Supreme Court of Canada Confirms The Duty to Mitigate

Canadian Law

In contract law, it can be difficult to prove damages. There are many reasons for this – one of them is the duty to mitigate damages. The Supreme Court recently reaffirmed this duty. Basically, this duty requires a plaintiff to take reasonable steps to ensure that his damages are reduced. If a defendant breaches a contract and the plaintiff suffers a loss as a result of that breach, then the defendant will generally have to compensate the plaintiff for the consequential losses. However, the plaintiff cannot just decide to do nothing and sue for his loss – the plaintiff has to try to mitigate his losses. If he succeeds in mitigating his losses, his damages reduce accordingly. In fact, he may actually not have a cause of action because he suffered no damages (although one is entitled to get the expenses of mitigating damages). If he fails to mitigate his losses, the amount of damages awarded will be reduced accordingly. As the Supreme Court said in another case, ““[l]osses that could reasonably have been avoided are, in effect, caused by the plaintiff’s inaction, rather than the defendant’s wrong.”

The duty applies even in a unique situation where a company was created specifically for purchasing a particular property. In Southcott Estates v. TCD School Board a company was created by a land developer for the sole purpose of purchasing a land from the school board. The board breached the contract and did not complete the sale. The land developer bought other property but the actual plaintiff, the subsidiary company, did not do anything to mitigate its losses. The Supreme Court held (McLachlin C.J. dissenting) that the actual corporation that suffered the loss was required to mitigate it’s loss. It was not sufficient for the land developer to do so on its own behalf. Basically, the fact that the plaintiff was created for the sole purpose of purchasing that property was irrelevant to its obligation to mitigate its losses – “Those who choose the benefits of incorporation must bear the corresponding burdens”.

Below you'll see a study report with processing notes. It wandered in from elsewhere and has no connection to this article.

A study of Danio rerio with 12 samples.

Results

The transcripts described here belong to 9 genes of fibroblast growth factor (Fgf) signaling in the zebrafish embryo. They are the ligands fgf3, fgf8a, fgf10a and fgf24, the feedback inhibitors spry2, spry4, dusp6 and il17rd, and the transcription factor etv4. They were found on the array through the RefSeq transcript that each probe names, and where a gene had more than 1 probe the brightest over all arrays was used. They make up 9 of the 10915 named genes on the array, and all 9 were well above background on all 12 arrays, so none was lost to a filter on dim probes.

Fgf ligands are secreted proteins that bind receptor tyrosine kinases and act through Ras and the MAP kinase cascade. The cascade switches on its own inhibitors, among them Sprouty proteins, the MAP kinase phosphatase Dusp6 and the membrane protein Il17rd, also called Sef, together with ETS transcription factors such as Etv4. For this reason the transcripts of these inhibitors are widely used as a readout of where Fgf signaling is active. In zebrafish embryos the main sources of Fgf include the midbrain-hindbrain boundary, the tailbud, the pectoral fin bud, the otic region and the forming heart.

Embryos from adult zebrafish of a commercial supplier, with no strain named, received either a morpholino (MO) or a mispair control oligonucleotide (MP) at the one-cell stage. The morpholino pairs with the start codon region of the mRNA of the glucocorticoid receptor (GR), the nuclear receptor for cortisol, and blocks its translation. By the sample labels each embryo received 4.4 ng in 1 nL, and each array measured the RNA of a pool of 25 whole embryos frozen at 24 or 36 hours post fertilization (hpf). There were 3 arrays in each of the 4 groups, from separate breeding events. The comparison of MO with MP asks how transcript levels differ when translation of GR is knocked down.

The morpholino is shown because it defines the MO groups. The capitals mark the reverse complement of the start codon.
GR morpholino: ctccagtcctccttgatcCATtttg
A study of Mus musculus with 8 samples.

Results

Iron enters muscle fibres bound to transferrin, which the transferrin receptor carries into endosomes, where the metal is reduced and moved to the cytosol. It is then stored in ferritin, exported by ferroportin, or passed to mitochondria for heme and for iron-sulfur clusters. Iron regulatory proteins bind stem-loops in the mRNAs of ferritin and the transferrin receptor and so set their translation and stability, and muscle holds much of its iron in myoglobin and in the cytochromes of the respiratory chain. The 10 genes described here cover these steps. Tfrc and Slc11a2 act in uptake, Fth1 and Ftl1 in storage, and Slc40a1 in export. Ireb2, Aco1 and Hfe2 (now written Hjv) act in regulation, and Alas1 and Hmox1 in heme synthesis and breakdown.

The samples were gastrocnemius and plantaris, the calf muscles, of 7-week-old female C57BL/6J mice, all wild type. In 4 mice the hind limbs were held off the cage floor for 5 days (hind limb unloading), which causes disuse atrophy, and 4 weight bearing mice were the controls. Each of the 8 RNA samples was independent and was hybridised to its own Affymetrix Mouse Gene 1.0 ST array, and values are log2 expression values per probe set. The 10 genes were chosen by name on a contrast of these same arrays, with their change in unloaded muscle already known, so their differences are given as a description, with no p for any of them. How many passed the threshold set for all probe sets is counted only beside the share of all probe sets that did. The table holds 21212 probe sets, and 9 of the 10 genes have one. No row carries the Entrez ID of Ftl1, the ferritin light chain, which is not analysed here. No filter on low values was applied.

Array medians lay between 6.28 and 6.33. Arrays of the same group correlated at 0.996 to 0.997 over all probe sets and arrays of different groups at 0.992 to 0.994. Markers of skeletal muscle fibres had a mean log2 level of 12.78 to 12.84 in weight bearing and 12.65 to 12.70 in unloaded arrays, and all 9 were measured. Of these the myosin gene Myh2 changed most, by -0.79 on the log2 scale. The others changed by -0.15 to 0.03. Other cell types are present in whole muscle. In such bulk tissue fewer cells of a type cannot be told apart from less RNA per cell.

The Court also confirmed that the duty to mitigate applies even if one is applying for specific performance of the contract. However, if specific performance is available, then this may affect whether it is reasonable to mitigate. The doctrine of specific performance allows a contract to be fulfilled if damages would not be sufficient remedy. In land transactions, land is often seen as unique, and so a specific performance order requiring the sale to be completed is often granted by the court. However, in modern real estate, land is not necessarily unique as traditionally regarded by the common law. If money will compensate sufficiently, then specific performance will not be available. Here, the plaintiff tried to argue that because it had asked for specific performance, it did not have to mitigate its losses. The Supreme Court held that if the plaintiff had a substantial justification or a substantial and legitimate interest a refusal for not purchasing property may be reasonable. Essentially, the court is saying that where property is being bought as an investment property, then the land is unlikely to be unique and money will be a sufficient remedy.

The Supreme Court upheld the Court of Appeal’s judgment and awarded nominal damages of $1 to the plaintiff. The Chief Justice would have allowed the appeal as she thought the plaintiff did not act unreasonably in failing to mitigate its loss.

I do not believe this will be a very influential case. However, it is useful in showing strategies to take in contract cases. The question of whether to mitigate is hard one and will certainly depend on the circumstances of each case. But generally, it is not a good idea to do nothing at all, as this will certainly give the defence the opportunity to say that one ought to have taken steps to reduce the damages. At the minimum, it would seem to me that a plaintiff should investigate what it would take to reduce its losses.